New outdoor dining area in Orange gets state grant

  • A group of residents has set up an outdoor dining area in downtown Orange for people buying food from local eateries. A $9,700 grant from the state’s Shared Streets & Spaces Program will enable a makeover of the spot. Contributed photo/KAREN LANOU

  • A group of residents has set up an outdoor dining area in downtown Orange for people buying food from local eateries. A $9,700 grant from the state’s Shared Streets & Spaces Program will enable a makeover of the spot. Contributed photo/KAREN LANOU

  • A group of residents has set up an outdoor dining area in downtown Orange for people buying food from local eateries. A $9,700 grant from the state’s Shared Streets & Spaces Program will enable a makeover of the spot. Contributed photo/KAREN LANOU

  • A group of residents has set up an outdoor dining area in downtown Orange for people buying food from local eateries. A $9,700 grant from the state’s Shared Streets & Spaces Program will enable a makeover of the spot. Contributed photo/KAREN LANOU

Staff Writer
Published: 7/31/2020 4:02:08 PM
Modified: 7/31/2020 4:02:55 PM

ORANGE — The new downtown outdoor dining area is slated for a makeover now that Orange received $9,700 from the state’s Shared Streets & Spaces Program.

The town was listed this week as one of six municipalities to share more than $273,200 in the third round of program funding. Launched June 10, the Shared Streets & Spaces Program provides technical and financial assistance for Massachusetts cities and towns to “conceive, design and implement tactical changes to curbs, streets, on-street parking spaces and off-street parking lots in support of public health, safe mobility and renewed commerce,” according to the state Department of Transportation (MassDOT), which announced the recent awards.

The dining area, in a portion of the parking lot at the main-streets intersection, has three tables — all on loan — that will be replaced by five (two of which comply with the Americans with Disabilities Act) as well as five planters and flowers, three sets of umbrellas and stands, and garbage and recycling bins. The items are expected to eventually be permanently used on a raised deck in an adjacent, municipally owned vacant parcel that will be open seasonally to the public. The portion of the parking lot not taken as part of the dining area is still open to vehicles.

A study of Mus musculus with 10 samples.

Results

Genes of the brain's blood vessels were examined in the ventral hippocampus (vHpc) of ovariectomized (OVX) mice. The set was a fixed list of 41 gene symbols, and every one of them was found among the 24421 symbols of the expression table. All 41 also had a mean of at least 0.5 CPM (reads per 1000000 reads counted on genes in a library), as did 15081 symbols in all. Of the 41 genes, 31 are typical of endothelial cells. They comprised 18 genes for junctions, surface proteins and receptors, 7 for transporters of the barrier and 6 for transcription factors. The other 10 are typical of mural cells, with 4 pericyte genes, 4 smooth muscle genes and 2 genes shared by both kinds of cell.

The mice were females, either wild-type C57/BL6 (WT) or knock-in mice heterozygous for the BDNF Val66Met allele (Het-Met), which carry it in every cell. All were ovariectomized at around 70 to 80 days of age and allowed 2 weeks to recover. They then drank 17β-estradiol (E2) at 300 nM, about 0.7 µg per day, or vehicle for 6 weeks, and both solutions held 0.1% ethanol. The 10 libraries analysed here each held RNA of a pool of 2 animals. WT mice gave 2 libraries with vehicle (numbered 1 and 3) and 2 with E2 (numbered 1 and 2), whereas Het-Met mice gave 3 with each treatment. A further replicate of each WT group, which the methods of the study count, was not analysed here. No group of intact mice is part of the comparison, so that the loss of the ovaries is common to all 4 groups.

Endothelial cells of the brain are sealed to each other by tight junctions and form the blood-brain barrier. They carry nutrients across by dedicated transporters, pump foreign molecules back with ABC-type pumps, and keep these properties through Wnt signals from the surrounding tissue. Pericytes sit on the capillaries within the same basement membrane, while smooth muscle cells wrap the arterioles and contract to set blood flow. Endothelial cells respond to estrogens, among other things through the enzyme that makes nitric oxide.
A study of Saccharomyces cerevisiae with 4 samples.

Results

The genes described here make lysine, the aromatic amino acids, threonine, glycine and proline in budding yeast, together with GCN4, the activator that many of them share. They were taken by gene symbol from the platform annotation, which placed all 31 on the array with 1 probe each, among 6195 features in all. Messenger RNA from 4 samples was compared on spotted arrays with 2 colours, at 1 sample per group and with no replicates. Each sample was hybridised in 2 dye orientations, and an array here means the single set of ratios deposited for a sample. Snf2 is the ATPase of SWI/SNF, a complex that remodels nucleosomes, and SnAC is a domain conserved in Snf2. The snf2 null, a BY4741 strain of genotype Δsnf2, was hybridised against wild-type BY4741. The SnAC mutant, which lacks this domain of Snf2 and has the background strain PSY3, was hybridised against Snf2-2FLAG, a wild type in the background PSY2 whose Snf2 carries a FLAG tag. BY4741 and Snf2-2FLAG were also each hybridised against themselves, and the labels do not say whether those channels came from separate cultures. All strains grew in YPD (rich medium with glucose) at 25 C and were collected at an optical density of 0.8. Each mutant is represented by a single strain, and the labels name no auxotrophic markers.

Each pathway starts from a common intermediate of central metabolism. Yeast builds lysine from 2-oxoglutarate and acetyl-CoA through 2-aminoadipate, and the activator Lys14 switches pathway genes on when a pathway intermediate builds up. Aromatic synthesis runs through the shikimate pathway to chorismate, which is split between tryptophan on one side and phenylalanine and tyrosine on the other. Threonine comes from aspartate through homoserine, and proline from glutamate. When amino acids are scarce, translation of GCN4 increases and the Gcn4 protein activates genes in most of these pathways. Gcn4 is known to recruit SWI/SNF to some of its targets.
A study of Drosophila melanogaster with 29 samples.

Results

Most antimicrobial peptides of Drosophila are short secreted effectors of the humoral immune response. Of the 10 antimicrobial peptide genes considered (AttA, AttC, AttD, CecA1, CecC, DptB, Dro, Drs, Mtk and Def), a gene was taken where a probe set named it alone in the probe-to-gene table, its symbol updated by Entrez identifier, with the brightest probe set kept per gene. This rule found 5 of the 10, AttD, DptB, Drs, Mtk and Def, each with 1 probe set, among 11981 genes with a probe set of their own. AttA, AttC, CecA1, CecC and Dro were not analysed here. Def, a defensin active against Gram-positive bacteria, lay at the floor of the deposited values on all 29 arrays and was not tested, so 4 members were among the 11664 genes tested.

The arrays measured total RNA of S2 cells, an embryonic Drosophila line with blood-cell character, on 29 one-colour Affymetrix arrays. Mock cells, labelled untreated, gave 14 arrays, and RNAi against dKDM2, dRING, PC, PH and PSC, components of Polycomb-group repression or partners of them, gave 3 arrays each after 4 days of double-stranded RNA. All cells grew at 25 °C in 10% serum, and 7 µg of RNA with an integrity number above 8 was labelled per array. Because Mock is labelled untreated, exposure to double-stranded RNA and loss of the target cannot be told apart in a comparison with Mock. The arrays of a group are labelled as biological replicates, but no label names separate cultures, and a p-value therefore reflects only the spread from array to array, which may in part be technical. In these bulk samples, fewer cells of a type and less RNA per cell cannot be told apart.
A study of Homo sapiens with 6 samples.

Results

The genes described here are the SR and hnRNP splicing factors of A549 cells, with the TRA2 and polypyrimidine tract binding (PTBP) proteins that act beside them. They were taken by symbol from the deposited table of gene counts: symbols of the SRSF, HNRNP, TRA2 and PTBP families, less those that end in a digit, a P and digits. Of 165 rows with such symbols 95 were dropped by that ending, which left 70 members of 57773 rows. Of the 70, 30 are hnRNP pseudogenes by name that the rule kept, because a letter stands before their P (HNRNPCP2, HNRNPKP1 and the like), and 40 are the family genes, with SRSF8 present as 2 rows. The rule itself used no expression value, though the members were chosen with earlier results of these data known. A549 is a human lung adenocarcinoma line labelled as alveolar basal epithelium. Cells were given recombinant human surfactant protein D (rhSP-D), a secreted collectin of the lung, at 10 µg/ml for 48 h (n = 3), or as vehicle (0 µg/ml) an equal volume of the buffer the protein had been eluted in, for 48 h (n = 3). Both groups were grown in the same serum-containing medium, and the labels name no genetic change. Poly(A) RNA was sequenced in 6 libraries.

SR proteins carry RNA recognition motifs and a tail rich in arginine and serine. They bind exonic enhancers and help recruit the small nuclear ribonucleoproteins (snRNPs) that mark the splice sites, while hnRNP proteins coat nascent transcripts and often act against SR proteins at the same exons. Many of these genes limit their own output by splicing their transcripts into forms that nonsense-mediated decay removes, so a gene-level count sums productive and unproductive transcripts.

Town Administrator Gabriele Voelker said the tables will be round and have green umbrellas.

The dining area came to fruition a couple of weeks ago, two weeks after Orange residents Polly Bixby and Karen Grzesik had the idea after purchasing coffee and scones from Corner Cafe (inside Trail Head Outfitters & General Store at 1 South Main St.) and having to enjoy the items while standing on the sidewalk because indoor dining is still limited due to the COVID-19 pandemic. Janice Lanou joined Bixby and Grzesik in spearheading the project.

Indoor dining at Massachusetts restaurants resumed in late June, three months after Gov. Charlie Baker ordered dining rooms closed in an attempt to slow the spread of the novel coronavirus. Parties of more than six people per table are not allowed and tables must be at least 6 feet apart. Also, patrons must wear a mask when away from their table, menus must be disposable and seating at bars is prohibited.

Bixby said the goal is to help local eateries.

“We need to save our restaurants,” she said previously.

Other eateries near the intersection are the Quabbin Harvest Food Co-op, The Pizza Factory, which reportedly is reopening soon, and a Subway sandwich shop.

Voelker said the grassroots effort propelling the project “is really working. People have been really excited about it.”

She said she has also used the space for open-air, socially distanced meetings with various town departments and committees.

“So we’re finding it very useful in that way, too,” she said.

Bixby and Voelker previously said all users dine at their own risk and will be responsible for sanitizing anything they touch and maintaining a proper social distance from strangers. Voelker has taken it upon herself to help by visiting every morning and spraying the tables with cleaning solution.

“But we’re not policing it,” she added.

A quick-build program modeled after the Complete Streets Funding Program launched in February of 2016, Shared Streets & Spaces provides grants as small as $5,000 and as large as $300,000. With Monday’s announcement, the program has doled out more than $1.7 million to 22 municipalities, according to MassDOT. The other municipalities listed as beneficiaries Monday were Billerica, Easthampton, Salem, Lee and Medford.

Reach Domenic Poli at: dpoli@recorder.com or 413-772-0261, ext. 262.